After a few tries, young Henry catches on to the task at hand and actually begins to enjoy his new criminal ways. In a smooth effort of teamwork, the two Henrys relieve a middle-aged man of his wallet. After a nice dinner, they get a hotel room from their proceeds. As they brush their teeth, young Henry asks old Henry why they can't always time travel together. Henry motions him to look in the mirror. "We are the same" (1.4.41). Old Henry watches young Henry comprehend the meaning of his statement, "the loneliness of it" (1.4.42). "What about… other time travelers?" young Henry asks. Old Henry explains that so far he hasn't found any. His younger self begins to cry.
Sunday, December 10, 1978 (Henry is 15, and 15): The two Henrys hang out in present Henry's bedroom. The other version is there from next March. The two boys do what young boys past puberty (who haven't gotten around to actual girls yet) do: they masturbate. Henry's father walks in on them and immediately leaves, shocked and disgusted. Present Henry blames his older version for the incident because he knew it was going to happen, but didn't warn him. Older Henry explains that it doesn't matter – since it has already happened in the future, the event can't be undone. He reminds younger Henry of an incident where he watched a young girl get hit in the head with a hockey puck. He kept traveling back to the event, trying to warn the girl's mother, but all he could so was witness her death again each time, helpless. "It was like being the audience at a movie. It was like being a ghost" (1.4.59).
Older Henry further explains that, as far he knows from future selves, their actions in the future change his past, which in turn determines his present. So really, Henry has free will, because everything has already happened. At the same time, older Henry advises younger Henry that he needs to live as though he has free will and is also responsible for his actions, because if he doesn't, he'll be miserable.
Wednesday, November 17/Tuesday, September 28, 1982 (Henry is 19): Henry sits in the back of a police car, arrested for breaking into a house. He reflects on the fact that he has been arrested seven times so far, but always disappeared before they could fingerprint him or take a photo. And that's what happens once again. He pops back in time, lying in the backyard of his parents' house.
Saturday, May 14, 1983 (Clare is 11, almost 12): Clare is invited to the birthday party of one of her school friends. When the girls play the Ouija board, Clare's friend Helen poses the question: "What boys like Clare?" The board answers: "Henry." Clare's friends now all want to know who this Henry guy is. Clare denies that she knows anyone by that name. So another friend asks the board, "Who's Henry?" The board answers: "Husband." That really freaks out Clare.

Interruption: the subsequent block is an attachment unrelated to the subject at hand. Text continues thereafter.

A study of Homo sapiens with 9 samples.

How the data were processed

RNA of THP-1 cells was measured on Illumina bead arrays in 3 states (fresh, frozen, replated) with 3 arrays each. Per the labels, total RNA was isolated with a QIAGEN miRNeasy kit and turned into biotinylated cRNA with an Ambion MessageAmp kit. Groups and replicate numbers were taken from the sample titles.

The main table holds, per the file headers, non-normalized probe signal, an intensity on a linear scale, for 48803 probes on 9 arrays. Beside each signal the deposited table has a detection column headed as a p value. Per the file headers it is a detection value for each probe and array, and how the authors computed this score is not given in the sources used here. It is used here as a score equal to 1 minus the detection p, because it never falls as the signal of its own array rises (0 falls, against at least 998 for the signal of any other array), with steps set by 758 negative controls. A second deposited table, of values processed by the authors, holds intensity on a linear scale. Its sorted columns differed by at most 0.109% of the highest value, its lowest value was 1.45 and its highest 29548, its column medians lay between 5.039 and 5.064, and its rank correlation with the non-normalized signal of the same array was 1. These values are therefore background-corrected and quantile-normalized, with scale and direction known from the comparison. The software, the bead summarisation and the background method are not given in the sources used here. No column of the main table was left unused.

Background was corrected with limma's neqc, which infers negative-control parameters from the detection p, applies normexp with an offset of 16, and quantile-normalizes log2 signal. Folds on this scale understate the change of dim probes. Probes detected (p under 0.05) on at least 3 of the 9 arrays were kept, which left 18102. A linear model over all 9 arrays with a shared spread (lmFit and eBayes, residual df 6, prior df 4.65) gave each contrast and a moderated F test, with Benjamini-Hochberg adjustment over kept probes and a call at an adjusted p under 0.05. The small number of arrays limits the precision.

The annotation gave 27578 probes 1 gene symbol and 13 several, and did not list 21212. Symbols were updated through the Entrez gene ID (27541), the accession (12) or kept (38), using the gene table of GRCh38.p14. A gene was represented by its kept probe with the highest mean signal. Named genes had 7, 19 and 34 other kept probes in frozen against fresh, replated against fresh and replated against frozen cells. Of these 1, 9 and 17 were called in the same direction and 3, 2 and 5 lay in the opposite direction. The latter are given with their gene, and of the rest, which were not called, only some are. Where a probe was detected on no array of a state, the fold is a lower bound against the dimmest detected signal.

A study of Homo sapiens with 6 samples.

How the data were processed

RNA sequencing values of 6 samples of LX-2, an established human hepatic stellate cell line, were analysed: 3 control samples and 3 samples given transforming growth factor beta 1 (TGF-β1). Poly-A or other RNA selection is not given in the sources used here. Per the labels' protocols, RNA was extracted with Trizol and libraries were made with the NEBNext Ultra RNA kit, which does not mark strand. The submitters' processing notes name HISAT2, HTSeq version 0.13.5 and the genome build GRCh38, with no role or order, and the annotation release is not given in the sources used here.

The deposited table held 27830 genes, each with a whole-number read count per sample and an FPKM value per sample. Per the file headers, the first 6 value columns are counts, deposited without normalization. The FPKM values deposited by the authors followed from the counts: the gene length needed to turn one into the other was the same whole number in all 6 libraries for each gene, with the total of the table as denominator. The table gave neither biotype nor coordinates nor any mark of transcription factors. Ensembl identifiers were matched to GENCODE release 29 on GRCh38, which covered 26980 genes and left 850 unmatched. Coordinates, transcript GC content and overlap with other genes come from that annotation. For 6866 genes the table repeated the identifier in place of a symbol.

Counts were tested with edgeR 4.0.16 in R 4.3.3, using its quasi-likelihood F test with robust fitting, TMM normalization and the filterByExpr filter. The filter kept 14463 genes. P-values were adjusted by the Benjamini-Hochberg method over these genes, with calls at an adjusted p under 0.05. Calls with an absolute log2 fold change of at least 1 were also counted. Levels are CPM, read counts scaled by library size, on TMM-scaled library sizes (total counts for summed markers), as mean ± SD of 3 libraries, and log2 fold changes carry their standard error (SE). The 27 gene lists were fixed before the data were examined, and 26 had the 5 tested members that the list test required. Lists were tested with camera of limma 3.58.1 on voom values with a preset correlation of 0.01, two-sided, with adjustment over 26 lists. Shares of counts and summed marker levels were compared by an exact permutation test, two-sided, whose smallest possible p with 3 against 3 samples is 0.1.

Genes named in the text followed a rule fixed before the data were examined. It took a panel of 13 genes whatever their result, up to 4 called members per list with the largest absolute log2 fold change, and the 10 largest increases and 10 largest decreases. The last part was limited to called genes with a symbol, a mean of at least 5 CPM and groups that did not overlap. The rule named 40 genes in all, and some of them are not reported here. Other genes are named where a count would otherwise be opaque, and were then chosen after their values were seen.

Thursday, April 12, 1984 (Henry is 36, Clare is 12): Clare and Henry play chess in the woods. They chat about The Beatles. Clare admits that John is her favorite Beatle; Henry realizes he's suddenly jealous of John. When Clare asks him whom he liked when he was twelve, he says he had a crush on Patty Hearst because he could relate to her life, "…forced to do stuff she didn't want to do, and then it seemed like she was kind of enjoying it" (1.4.136). Clare asks him whom he likes now. Henry reflects on his 20s, and remembers a faceless, nameless woman, who is now just a blur to him. When Clare inquires about his future 36-year-old, self, now here with her, he tells her that he's married to "a beautiful, patient, talented, smart woman" (Clare, of course). Clare keeps pushing to find out more information on his wife, but he declines to reveal more about her. Clare starts to cry because she hoped that in the future she might be his wife.
Wednesday, June 27, 1984 (Clare is 13): Clare is sitting in the meadow, thinking about Henry. It dawns on her that most girls don't have a Henry, as she does. Knowing that Henry knows her somewhere out in the future fills her with both a fear of and a longing to see him again. But, according to the dates Henry gave her, he won't come today. She's all alone, waiting.
Sunday, September 23, 1984 (Henry is 35, Clare is 13): Henry appears in the meadow. He finds a box of clothes, stashed there by Clare, plus a few snacks. He falls asleep. When he wakes up, Clare is sitting next to him. Henry notices the physical changes in her as she's growing into a young woman. Clare made some coffee for the two, even though she hates it. Henry tells her that she likes hers with lots of cream and sugar. Clare doesn't like it when he tells her about her future self. "You're making me into a freak… How am I going to figure out if that's what I like or if I just like it because you tell me I like it?" (1.4.237). Henry asserts that it's still her own choice what she likes or not. Her own free will, unlike him, who constantly runs up against the fact that he can't change things, save for things that work toward what has already happened.
Their conversation leads into a discussion about God. Raised as a good catholic girl, Clare wants to believe in a universe where life derives meaning and order through the hands of God. The randomness of his time-traveling disorder has made Henry an agnostic. He believes that life is random and meaningless. They debate about different theories of the universe. Clare insists that she wants to have God in her universe. Henry knows that being with him will change her mind in the future.